6: Chemical Composition

    47420
  • The following sections are concerned with the amounts of substances which participate in chemical reactions, the quantities of heat given off or absorbed when reactions occur, and the volumes of solutions which react exactly with one another. These seemingly unrelated subjects are discussed together because many of the calculations involving them are almost identical in form. The same is true of the density calculations and of the calculations involving molar mass and the Avogadro constant.

    • 6.1: How Much Sodium?
      Why is Knowledge of Composition Important? everything in nature is either chemically or physically combined with other substances to know the amount of a material in a sample, you need to know what fraction of the sample it is Some Applications: the amount of sodium in sodium chloride for diet the amount of iron in iron ore for steel production the amount of hydrogen in water for hydrogen fuel the amount of chlorine in freon to estimate ozone depletion .
    • 6.2: Counting Nails by the Pound
      The size of molecule is so small that it is physically difficult if not impossible to directly count out molecules. However, we can count them indirectly by using a common trick of "counting by weighing".
    • 6.3: Counting Atoms by the Gram
      In chemistry, it is impossible to deal with a single atom or molecule because we can't see them or count them or weigh them. Chemists have selected a number of particles with which to work that is convenient. Since molecules are extremely small, you may suspect this number is going to be very large and you are right. The number of particles in this group is Avagadro's number and the name of this group is the mole.
    • 6.4: Counting Molecules by the Gram
      The molecular mass of a substance is the sum of the average masses of the atoms in one molecule of a substance. Calculations for formula mass and molecular mass are described. Calculations involving conversions between moles of a material and the mass of that material are described. Calculations are illustrated for conversions between mass and number of particles.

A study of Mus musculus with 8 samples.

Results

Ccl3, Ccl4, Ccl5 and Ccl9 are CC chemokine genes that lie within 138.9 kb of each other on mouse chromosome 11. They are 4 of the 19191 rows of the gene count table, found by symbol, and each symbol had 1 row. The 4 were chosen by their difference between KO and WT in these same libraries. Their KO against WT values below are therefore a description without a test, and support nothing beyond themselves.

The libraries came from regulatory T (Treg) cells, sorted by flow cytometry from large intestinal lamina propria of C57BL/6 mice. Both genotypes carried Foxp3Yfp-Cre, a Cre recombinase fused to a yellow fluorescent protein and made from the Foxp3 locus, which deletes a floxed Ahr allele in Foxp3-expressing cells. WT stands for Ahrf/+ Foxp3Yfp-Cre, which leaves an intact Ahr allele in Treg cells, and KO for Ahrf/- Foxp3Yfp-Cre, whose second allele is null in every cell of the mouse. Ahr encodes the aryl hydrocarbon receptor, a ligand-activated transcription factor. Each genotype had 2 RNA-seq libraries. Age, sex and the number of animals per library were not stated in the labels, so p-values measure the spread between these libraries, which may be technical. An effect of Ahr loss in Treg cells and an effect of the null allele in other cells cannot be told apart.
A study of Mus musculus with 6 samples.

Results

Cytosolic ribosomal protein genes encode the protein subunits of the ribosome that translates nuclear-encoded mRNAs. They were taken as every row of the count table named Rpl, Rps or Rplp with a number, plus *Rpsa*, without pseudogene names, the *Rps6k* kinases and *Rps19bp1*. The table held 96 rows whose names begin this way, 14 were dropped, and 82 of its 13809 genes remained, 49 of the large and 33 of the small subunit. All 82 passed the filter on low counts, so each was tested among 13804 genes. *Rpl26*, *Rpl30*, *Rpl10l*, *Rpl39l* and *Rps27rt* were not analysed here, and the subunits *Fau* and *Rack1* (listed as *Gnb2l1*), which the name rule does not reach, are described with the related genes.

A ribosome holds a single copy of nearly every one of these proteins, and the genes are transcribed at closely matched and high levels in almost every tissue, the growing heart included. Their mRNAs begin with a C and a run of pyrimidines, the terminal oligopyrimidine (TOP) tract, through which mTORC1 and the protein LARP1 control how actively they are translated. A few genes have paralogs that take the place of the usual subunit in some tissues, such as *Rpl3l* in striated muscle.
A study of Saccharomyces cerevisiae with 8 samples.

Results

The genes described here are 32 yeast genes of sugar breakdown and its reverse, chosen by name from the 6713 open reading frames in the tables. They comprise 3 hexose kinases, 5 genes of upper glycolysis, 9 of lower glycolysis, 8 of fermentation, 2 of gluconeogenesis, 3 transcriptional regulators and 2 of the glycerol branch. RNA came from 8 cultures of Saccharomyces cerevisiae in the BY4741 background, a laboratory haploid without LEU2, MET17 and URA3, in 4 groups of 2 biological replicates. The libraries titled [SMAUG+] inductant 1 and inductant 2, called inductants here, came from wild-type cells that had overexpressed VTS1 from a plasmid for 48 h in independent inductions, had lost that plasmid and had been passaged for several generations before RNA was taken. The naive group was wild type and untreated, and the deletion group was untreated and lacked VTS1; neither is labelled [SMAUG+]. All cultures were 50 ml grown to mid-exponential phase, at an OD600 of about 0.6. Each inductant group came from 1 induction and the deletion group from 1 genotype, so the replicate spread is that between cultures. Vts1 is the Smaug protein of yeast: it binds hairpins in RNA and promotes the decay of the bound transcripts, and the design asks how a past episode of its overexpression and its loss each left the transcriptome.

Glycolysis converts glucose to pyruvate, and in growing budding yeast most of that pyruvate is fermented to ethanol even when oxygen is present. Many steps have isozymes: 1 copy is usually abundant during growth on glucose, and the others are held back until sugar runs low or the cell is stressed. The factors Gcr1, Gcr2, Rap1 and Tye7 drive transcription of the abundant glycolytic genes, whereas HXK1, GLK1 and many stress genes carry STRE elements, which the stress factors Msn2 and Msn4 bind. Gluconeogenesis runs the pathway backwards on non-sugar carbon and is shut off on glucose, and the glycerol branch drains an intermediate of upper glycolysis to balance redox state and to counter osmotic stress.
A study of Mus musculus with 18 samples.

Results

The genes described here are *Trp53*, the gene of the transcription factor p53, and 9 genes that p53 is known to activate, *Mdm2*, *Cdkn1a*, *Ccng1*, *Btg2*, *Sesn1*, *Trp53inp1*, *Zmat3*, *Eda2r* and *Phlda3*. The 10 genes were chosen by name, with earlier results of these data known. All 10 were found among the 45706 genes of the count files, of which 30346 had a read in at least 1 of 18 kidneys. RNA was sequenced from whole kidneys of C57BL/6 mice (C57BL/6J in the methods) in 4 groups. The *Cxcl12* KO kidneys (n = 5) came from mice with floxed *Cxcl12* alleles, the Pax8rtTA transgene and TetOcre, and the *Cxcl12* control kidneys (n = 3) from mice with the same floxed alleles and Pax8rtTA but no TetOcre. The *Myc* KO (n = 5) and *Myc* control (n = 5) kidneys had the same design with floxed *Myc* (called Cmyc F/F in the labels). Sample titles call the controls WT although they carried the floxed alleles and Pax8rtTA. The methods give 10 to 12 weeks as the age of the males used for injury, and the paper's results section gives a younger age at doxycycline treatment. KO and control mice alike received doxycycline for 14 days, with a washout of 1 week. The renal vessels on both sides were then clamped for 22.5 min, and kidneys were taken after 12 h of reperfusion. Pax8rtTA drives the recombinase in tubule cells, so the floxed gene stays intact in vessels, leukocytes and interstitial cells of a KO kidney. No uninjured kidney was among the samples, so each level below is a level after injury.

• 6.5: Chemical Formulas as Conversion Factors
      Using formulas to indicate how many atoms of each element we have in a substance, we can relate the number of moles of molecules to the number of moles of atoms.  In any given formula the ratio of the number of moles of molecules (or formula units) to the number of moles of atoms can be used as a conversion factor.
    • 6.6: Mass Percent Composition of Compounds
      Chemists often need to know what elements are present in a compound and in what percentage. The percent composition is the percent by mass of each element in a compound.
    • 6.7: Mass Percent Composition from a Chemical Formula
      he percent composition of a compound can also be determined from the formula of the compound. The subscripts in the formula are first used to calculate the mass of each element in one mole of the compound. That is divided by the molar mass of the compound and multiplied by 100%.
    • 6.8: Calculating Empirical Formulas for Compounds
      An empirical formula tells us the relative ratios of different atoms in a compound. The ratios hold true on the molar level as well. A process is described for the calculation of the empirical formula for a compound based on the percent composition of that compound.
    • 6.9: Calculating Molecular Formulas for Compounds
      A procedure is described that allows the calculation of the exact molecular formula for a compound.